Tuesday, October 13, 2009

Fiction can be better than non-fiction.

I was sitting in the editorial office at ----- Press, listening to the Editor tell me that it's so much more rewarding to acquire a non-fiction book, because it's so wonderful to be informed and enlightened by someone who's very knowledgeable on a particular subject.

What Lewis Carrol world am I living in if fiction has suddenly become not as interesting as non-fiction. When I was growing up, the only types of non-fiction available to the masses were largely scorned-lady memoirs that led to movies of the week like Not Without My Child and The Burning Bed, which ultimately led to The Lifetime Network. These were not what I considered to be "fun," though I must admit that I do occasionally plan nights around what Tuesday night flick about bulemic daughters they're airing.

My point is not to bash non-fiction. In fact, I have several friends who specialize in the creative essay, and I've even dabbled in it myself for a moment or two, but how is it that a medium wherein you can make up anything in the world or any other world to write about has become less interesting than our everyday lives? Wait, our world is pretty fucked up...

Let's go back to what my editor was saying. She likes it when someone is "knowledgeable." Come to think of it, so do I. Well, what does this mean for the writers of today who are looking for a publishing contract? What I think it means is, Go Do Some Research. I can't even count how many times people have said that we should write what we know, and I also can't count how many times I've violently disagreed (yes, I have a literary temper). I don't think fiction writers should take this so literally. What leads me to say this is this author, and this one. Why are so many people writing boring middle-class stories supposedly jazzed up by some "magical realism"? People don't care about this shit anymore. We may have cared when The Ice Storm came out, but I'm a little tired of it when I look around me and see how fucked up the world can be, and we're writing about suburban families with magic holes in their stomachs. I would love for these magic holes to mean something larger in the world. I'd like them to be representative of the healthcare crisis or the violent deaths of Chicago youth, and I know I can't expect everyone to write about things that matter, but I'd like for a lot of us to try. And maybe this is where "knowledge" comes in. Knowledge is the full experience. Oh, MFA'ers, have you been living in the real world, or are you too busy making one up that could never compare?


  1. I thought about just sending you an email. Or tackling you on g-chat to discuss some of this with you. But, I figure, you really want this blog to do some work or something-- or you're hoping people will comment. I don't usually comment on blogs. I will here b/c I heart you.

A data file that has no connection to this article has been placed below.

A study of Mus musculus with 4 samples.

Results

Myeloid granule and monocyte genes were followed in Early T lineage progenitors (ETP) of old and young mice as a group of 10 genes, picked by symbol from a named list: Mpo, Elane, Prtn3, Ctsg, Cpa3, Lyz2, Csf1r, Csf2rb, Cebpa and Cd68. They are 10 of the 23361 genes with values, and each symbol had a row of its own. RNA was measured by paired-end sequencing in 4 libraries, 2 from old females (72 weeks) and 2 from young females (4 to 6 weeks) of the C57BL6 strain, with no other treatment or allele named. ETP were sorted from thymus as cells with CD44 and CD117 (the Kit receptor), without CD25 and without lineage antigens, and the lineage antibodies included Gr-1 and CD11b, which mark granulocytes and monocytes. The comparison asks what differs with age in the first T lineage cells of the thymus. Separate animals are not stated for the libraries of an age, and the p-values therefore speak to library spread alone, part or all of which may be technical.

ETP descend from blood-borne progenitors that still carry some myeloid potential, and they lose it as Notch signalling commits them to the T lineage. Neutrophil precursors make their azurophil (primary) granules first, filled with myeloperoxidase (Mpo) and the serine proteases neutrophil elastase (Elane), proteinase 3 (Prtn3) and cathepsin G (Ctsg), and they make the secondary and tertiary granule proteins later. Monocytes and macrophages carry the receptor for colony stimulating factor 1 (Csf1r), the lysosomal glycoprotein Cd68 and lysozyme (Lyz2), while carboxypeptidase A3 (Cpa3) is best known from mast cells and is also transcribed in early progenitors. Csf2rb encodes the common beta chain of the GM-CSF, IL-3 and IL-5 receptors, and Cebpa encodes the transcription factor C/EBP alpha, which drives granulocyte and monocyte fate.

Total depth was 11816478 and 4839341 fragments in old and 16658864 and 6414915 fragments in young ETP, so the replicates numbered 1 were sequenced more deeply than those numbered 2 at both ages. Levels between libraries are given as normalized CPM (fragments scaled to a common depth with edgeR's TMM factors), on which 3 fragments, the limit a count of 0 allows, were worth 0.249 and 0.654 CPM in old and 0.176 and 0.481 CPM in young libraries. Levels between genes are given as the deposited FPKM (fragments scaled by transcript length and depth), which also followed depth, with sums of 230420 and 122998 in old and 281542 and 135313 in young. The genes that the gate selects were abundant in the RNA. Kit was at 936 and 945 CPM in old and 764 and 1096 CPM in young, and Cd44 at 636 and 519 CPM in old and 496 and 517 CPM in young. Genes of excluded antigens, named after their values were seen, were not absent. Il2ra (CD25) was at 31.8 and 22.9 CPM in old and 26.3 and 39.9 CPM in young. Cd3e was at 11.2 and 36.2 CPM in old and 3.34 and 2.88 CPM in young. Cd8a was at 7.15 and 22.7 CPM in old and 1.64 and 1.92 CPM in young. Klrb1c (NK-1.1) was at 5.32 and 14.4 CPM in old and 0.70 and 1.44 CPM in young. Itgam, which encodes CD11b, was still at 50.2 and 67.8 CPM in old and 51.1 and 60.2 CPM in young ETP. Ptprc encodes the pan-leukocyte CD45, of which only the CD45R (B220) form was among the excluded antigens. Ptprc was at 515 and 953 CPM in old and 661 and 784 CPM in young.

So, I'm behind you on this knowledge thing. I research like crazy for most of the work that I produce-- I like to learn and in learning hopefully teach or process or use or something when spiralling it out into the universe.

    But I do question the assertion taht for something to "mean something larger in the world" that it has to be political (which seems to be the implication by your "healthcare crisis" and "violent deaths of Chicago youth"). That's not to imply that these things don't matter, or that people should not write about them. Some people should. Some people shouldn't. There are other types of things that matter, no? Especially if knowledge is the "full experience"-- and I'd like to hear more about this "too busy making one up that could never compare"...??? Are you making a direct link to our writing Aimee Bender stories? And do her stories not occasionally deal with real human issues, a la loneliness or personal discomforts or something? (I haven't read her books in a while, but I recall them distinctly dealing with human experience from a different perspective???)-- or perhaps I'm confusing intent here?

  2. ...also... thank you for linking to alice blue. :)

  3. I thank you for bringing up that point about Aimee Bender. I have a continuous love/hate relationship with her work as well as several other lovely cronies of hers. I've been thinking about this a lot lately. I have a great appreciation for Bender and Doerr and other writers who have tried to reinvent fiction, but maybe what I dislike are the imitations that seem dull and unoriginal, and often what I'm angry at is that the Benders and Doerrs of the world seem in a rut to me. There's such a thing as possessing a style and there's another thing called "one note." Sometimes I wonder if it isn't the publishing industry's expectations that drive a writer to write in "one note." Hmm...more on this later, I think.